Weighing the Benefits and Costs of Incorporating Your Business
Read time: 4-5 minutes
There is a lot to think about when deciding whether to incorporate your business. In order to make this decision, it is important to balance the benefits and costs.
A corporation is a separate legal entity from its shareholders. This means that shareholders are not responsible for the debts of the corporation and can only lose the amount of money they have invested, in the event that the corporation goes bankrupt. The corporation has the same legal rights and obligations as a natural person. This means that the corporation can sue, be sued, enter into contracts and acquire a loan.
Corporations have increased flexibility with their tax rates. This creates the opportunity to lower the amount of taxes paid compared to other business models. In a sole proprietorship or partnership all profits of the business are taxed as personal income. The following are some ways that corporations currently have flexibility:
- Corporations can choose the most tax-efficient way to pay shareholders and employees, such as dividends, salaries, bonuses, or a combination of these options;
- The corporation can incur some non-deductible expenses, such as entertainment expenses;
- Some earnings can be left in the corporation. This avoids having to claim all earnings as income and can lower taxes because corporate earnings are currently taxed at a lower rate than personal income; and
- Income can be split among family members in the form of dividends on shares, if those family members are shareholders. This creates flexible options of transferring income to family members who are in a lower tax bracket.
- Capital and Grants
Corporations have increased access to capital and grants. Funds can be raised by issuing bonds or share certificates. Corporations also have access to lower interest rates for loans because they are often viewed as less risky by financial institutions.
- Continuous existence
In the event of the death of a shareholder, the shares are transferred to the shareholder’s heirs. In contrast, in sole proprietorships and partnerships, the business will cease to exist on the death of the owners.
Although the corporation is a separate legal entity, there are still some situations that require shareholders to be liable for debts incurred by the corporation. Sometimes shareholders are required to provide a personal guarantee in order to secure a loan or lease for the corporation. Creditors may want some extra security that they will be paid back in the event that the corporation goes bankrupt.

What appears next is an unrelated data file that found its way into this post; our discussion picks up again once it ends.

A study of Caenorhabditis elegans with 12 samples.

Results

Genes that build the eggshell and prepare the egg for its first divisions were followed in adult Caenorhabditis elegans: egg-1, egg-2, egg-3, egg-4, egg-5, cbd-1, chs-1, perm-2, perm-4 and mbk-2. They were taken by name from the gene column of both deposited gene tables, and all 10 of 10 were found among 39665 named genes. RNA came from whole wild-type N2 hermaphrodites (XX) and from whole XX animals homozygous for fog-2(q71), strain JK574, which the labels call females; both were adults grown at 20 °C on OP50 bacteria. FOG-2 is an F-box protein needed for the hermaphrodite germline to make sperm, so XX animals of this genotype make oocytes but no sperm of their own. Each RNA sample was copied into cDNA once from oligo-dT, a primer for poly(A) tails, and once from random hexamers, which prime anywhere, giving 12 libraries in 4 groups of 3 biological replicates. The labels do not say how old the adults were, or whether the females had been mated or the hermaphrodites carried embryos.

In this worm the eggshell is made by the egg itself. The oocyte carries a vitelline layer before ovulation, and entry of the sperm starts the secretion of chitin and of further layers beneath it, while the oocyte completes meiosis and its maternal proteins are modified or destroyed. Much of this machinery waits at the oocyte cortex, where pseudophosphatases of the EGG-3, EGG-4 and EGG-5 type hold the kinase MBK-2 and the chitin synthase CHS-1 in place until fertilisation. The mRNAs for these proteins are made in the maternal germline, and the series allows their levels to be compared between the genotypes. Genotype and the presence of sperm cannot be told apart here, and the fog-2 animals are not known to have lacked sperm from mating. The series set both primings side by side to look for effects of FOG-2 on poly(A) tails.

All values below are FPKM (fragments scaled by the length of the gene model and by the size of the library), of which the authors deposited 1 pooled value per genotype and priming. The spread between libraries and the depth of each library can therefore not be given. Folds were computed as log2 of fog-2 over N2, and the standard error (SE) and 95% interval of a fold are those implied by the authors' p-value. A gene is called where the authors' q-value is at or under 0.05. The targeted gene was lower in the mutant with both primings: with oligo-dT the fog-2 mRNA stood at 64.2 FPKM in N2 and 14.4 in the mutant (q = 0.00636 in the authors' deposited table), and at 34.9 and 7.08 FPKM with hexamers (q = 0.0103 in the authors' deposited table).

- Costs and Inconvenience
There are significant costs and time requirements associated with starting and running a corporation, including:
- It is more complex and expensive to start up a corporation. There is significantly more paperwork that needs to be filed and there are considerable costs, such as legal and accounting fees;
- More paperwork is required to run the corporation. All major activity and transactions, such as shareholder or board meetings, annual returns, and changes of directors need to be documented; and
- Taxes need to be filed separately for the corporation each year.
- More complex structure
A corporation is made up of the following personnel:
- Shareholders, who own the corporation, make decisions by voting and passing resolutions at shareholders meetings and are responsible for electing the directors;
- Directors, who supervise the management of the corporation’s business and are responsible for appointing officers; and
- Officers, who are responsible for managing and carrying out day-to-day business.
Current Trends and Changes to Think About
With respect to limited liability, many courts have “pierced the corporate veil,” meaning, holding shareholders personally responsible for wrongs they commit, while carrying out the corporations business, especially in cases of fraud, wrongful conduct, unpaid taxes, or for hiding behind the corporation for an improper purpose.
There is a trend in recent cases, such as Mitchell v Lewis, 2016 ONCA 903 (CanLII) and Shoppers Drug Mart Inc. v 6470360 Canada Inc., 2014 ONCA 85 (CanLII), where the judge will apply a wider test to determine if the corporate veil should be pierced. The test is applied from 642947 Ontario Ltd. v Fleischer (2001), 2001 CanLII 8623 (ONCA), 56 OR (3d) 417 at para 68, and states that the corporate veil will be pierced in two types of situations:
- Where the company is incorporated for an illegal, fraudulent, or improper purpose; or
- Where those in control of the corporation expressly direct a wrongful thing to be done. 2. Proposed Changes to Tax Benefits
Some of the tax benefits of incorporation are up in the air based on the current Liberal government’s proposed changes to the Canadian Controlled Private Corporation (CCPC) tax scheme. This could be harmful for small business who may have been relying on the current tax scheme. Some of these proposed changes include:
- Limiting the ability to split income with family members in lower tax brackets and ensuring that income is proportional to actual contributions to the corporation; and
- Increasing the tax rate on earnings from corporate income that has been reinvested in passive investments.
While these changes have not yet been implemented, it is important to consider the possible implications they might have in the future if you decide to incorporate your business.
Incorporating your business means more than filing Articles of Incorporation, which many companies offer at a competitive price. The other key aspect of incorporating, and the most important part, is the organization of the entity – ensuring shares are issued correctly and setting out the key rules by which the company may operate.
Please contact Michael Paiva for more information about incorporating, or if you require assistance with incorporating a business.